I get triggered when people around me aren’t contributing equally or sticking with their commitment. It reminds me of growing up with my siblings and parents, and having chores to do. We all had them, but I was always nosey to find out what everyone else was doing, or not doing, to make sure that I wasn’t doing more than anyone else.
The purpose of this short Leadership Tip is to help people stay on the path of productivity or commitment, even if others aren’t matching your efforts.
Working with so many workplaces, I hear common complaints from both employers and employees, around the idea that people aren’t doing what they’re supposed to be doing –and/or – then why should I?
Lack of effort can be a conflict starter. Different people have a different work ethic, different goals, and come from different personal lives, which is why human relations has a complexity that can ignite into a huge ball of fire, heat, and leave people feeling burned.
Imagine you’ve joined a committee to resolve a workplace issue, and it gets off to a strong start, but over the next few meetings, you notice not everyone is present, items to be accomplished between meetings is falling off the priority list and the committee is loose. What do you do? It’s hard to stay on the path of productivity when others fall off. You could (a) join those who lose commitment, or (b) stay committed. If you choose (b) you will be honouring your word, exercising your discipline and standing in your decision to join the committee in the first place.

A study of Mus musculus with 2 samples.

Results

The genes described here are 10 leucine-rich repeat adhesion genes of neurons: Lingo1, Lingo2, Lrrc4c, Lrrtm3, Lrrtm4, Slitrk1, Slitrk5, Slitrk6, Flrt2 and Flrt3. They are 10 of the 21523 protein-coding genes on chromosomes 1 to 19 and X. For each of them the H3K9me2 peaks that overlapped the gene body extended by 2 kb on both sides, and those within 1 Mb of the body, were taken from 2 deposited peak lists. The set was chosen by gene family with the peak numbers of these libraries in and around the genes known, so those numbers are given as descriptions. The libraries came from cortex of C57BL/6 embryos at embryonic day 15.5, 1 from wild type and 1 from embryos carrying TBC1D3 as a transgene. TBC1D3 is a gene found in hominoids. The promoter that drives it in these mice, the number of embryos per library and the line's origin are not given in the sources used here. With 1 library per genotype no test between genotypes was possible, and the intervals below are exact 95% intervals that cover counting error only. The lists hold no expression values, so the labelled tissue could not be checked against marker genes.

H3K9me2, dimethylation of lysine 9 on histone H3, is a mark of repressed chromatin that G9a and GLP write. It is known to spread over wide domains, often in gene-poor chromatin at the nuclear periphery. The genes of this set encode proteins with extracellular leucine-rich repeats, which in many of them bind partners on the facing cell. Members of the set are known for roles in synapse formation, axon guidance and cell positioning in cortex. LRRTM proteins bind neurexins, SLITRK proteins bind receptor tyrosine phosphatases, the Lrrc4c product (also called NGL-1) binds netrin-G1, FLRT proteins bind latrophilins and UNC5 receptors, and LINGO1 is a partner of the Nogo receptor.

This same example can apply to any goal or new direction, or change that’s underway, or personal change that you’d like to make but you’re waiting for others to get on board.
If you’re finding yourself wavering in your own commitment because people aren’t doing what they’re supposed to be doing –and/or thinking, then why should I?, imagine just being autonomous…being you, regardless of what others are doing or not doing. When you make and keep commitments to yourself, because you said you would, it’s fuel for your confidence and helps you trust yourself. That’s huge. Isn’t that reason enough?
Some people are more committed to their word than others. I’ve often said, “When all is said and done, more is said than done.” That’s a fact we can use as a reasonable excuse to not stay committed, or we can continue to be our word. Being our word inspires trust from within, and from others.
If I can help you or your team stay committed, then, I’m committed. Call me because your greatest leadership day is with Penny Tremblay.